Cathy Best on “From apricots to Bernice sauce”


Cathy Best

By Cathy Best

As a newborn, what little hair I had was apricot colored and fuzzy; my daddy nicknamed me Apricot. Thus began a long litany of variations: Percots, Cotsie Boo Boo, and Cotsie. Eventually, he landed on Cots. To this day, daddy is the only soul on the planet that has ever called me Cots. My mother opted out of the nickname game. Being firmly rooted in double- name old school, she called me strictly by the name she signed on my birth certificate- Cathy Jo. Early on, each of my three sisters had their own idea as to how I should be addressed; fortunately, they are repeatable. Sister, Jo, and Cathy follow the sister’s birth order as to who calls me what. When I hear Pweetpea or Precious my husband is in the near vicinity. Mom and Mama get my attention but, more often than not, my sons alternate between Joann, Kathleen, and Mot- short for Matee. Explaining each endearing name my children call me is a column unto itself. To friends, I’m Bernice, Mom, Peach, Georgia Girl, Georgia Sista and Other. You read it correctly; Other is a moniker. It’s easy to see how upstanding individuals, who have never so much as tossed a piece of chewing gum out the car window, can be considered dangerous criminals trying to hide their true identity with unsolicited nicknames.

Unlike P-Diddy, who changes his name as often as he changes ring bling, family, friends and co-workers generally change your name for you. I’m just as guilty of affectionately dubbing family and friends anything but their given names. Typically, there’s a good story behind the dub. For instance, in 1995 I was seated with two close friends in Tom Tom’s, a fine dining restaurant, in Atlanta. Somehow we got on the subject of listing the individuals on an estate’s staff. One friend was trying to recall the name of a woman she knew who worked on the estate. Total blank, she couldn’t come up with the name if her lunch depended on it; the conversation moved on. The waiter, well versed in the art of enticing dignified clientele with elegant entrées, approached our table and offered to recite the tantalizing special. He described each entrée in mouth-watering detail. It was easy to mistake the linen hand-towel draped over his forearm as a drool cloth; he took his position seriously. As he recited the so-and-so with such-and-such in Béarnaise sauce my companion barked out, loud enough for the Sous-Chef to hear over sizzling sauté pans, BERNICE! BERNICE! It’s BERNICE! The “Other” companion and I glanced at each other, and knew, better than we knew our own nicknames, our waiter assumed he was being corrected. We proceeded to fall into uncontrollable giggles, like 7 year-olds on the front pew. I’m sure the waiter put two and two together and recognized two out of three of us as the pair who parked the Mayor’s truck in the Neiman Marcus parking lot with a week’s worth of garbage stacked in the bed. Eighteen years later, we are still the only souls on the planet that call each other BERNICE.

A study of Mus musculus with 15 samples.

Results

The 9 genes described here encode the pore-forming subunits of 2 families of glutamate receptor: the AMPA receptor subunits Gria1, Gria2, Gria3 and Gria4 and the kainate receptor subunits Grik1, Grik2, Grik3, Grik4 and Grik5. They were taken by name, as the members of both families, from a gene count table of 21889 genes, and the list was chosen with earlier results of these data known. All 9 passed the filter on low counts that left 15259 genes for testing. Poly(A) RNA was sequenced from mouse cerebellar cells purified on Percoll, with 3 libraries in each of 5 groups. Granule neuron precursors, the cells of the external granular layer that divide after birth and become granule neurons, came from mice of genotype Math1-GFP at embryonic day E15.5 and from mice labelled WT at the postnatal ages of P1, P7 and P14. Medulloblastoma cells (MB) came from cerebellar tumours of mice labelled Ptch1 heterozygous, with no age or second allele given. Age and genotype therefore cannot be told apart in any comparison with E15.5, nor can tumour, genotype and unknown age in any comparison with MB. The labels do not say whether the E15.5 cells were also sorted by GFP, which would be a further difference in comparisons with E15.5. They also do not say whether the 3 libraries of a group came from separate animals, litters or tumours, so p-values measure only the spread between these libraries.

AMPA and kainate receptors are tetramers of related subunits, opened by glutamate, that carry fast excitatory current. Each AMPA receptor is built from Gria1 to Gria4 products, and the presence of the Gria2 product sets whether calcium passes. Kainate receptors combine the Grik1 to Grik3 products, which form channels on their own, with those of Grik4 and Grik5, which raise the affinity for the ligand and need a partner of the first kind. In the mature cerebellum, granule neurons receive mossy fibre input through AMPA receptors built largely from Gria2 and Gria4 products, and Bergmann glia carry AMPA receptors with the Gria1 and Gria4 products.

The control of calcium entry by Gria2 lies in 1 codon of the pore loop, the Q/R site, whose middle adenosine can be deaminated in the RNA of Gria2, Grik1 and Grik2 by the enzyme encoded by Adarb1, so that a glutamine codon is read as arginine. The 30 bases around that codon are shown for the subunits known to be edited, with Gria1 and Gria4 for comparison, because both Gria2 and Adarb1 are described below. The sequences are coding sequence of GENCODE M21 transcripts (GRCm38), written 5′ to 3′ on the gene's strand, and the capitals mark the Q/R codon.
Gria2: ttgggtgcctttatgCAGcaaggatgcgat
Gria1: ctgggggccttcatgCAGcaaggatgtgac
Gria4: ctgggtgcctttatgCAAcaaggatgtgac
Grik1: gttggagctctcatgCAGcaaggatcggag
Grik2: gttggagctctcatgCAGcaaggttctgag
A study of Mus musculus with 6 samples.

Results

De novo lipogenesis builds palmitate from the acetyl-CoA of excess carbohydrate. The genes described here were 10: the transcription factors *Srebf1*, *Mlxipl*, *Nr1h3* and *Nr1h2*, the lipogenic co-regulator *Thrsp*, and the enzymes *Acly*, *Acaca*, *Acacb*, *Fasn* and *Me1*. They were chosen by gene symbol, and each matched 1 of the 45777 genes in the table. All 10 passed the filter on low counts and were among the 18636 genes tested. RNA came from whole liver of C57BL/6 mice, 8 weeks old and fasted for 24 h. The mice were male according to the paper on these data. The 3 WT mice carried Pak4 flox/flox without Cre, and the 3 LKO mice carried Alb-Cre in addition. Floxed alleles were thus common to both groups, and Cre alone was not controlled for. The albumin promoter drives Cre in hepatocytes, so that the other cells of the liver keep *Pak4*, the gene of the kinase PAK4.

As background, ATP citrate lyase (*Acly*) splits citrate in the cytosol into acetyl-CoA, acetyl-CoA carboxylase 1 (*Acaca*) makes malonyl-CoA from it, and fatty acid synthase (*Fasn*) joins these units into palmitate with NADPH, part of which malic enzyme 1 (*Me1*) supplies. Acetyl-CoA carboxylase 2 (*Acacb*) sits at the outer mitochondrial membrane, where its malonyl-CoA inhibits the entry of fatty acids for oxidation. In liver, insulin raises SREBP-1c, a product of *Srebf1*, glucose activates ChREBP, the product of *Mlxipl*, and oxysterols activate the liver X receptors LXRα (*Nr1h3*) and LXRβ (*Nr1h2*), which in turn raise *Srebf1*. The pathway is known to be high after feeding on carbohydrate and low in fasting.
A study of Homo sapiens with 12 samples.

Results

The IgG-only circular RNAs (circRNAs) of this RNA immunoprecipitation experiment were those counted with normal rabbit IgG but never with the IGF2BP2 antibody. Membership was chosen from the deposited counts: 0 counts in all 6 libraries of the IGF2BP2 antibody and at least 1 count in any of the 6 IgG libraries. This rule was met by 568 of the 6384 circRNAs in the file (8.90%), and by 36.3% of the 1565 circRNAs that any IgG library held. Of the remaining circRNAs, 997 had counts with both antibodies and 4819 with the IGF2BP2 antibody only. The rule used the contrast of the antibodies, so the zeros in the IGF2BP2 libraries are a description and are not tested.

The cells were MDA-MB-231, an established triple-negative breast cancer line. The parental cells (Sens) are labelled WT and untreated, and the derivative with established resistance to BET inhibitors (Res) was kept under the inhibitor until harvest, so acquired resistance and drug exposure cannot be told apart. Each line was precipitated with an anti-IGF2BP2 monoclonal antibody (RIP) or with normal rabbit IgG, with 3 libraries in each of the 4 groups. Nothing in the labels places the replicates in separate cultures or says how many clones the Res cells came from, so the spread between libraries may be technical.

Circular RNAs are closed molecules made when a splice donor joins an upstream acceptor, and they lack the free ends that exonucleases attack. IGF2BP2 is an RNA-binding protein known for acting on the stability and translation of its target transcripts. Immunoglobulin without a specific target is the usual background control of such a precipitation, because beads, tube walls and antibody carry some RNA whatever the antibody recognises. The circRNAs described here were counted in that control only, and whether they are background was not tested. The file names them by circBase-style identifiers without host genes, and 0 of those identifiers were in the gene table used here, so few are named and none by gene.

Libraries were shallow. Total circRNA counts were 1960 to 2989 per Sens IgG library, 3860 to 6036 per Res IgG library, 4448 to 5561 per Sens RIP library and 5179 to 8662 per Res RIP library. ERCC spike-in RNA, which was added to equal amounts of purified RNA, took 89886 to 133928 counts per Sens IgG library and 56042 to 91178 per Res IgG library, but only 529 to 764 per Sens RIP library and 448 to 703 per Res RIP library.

Best of the Best: Bernaise Sauce

Courtesy of “The Joy of Cooking”

About 1 1/2 cups

Heavenly on most broiled red meat, especially beef tenderloin. It is also quite at home with fish and eggs.

Combine in the top of a double boiler: 1/4 white wine; 2 tablespoons tarragon vinegar; 1 tablespoon finely chopped shallots or onion; 2 crushed white peppercorns; 2 sprigs tarragon, chopped; 1 sprig chervil, finely chopped; (1 sprig parsley, minced)

Cook over direct heat until reduced by half. If you have used dried tarragon or coarsely chopped onion, strain the mixture. Allow to cool. Then, beating briskly over, not in, hot water, add alternately a little at a time and beat steadily so that they are well combined: 3 egg yolks and 3/4 cup melted butter. Season to taste.

When you have added all the butter, the sauce should be the consistency of Hollandaise.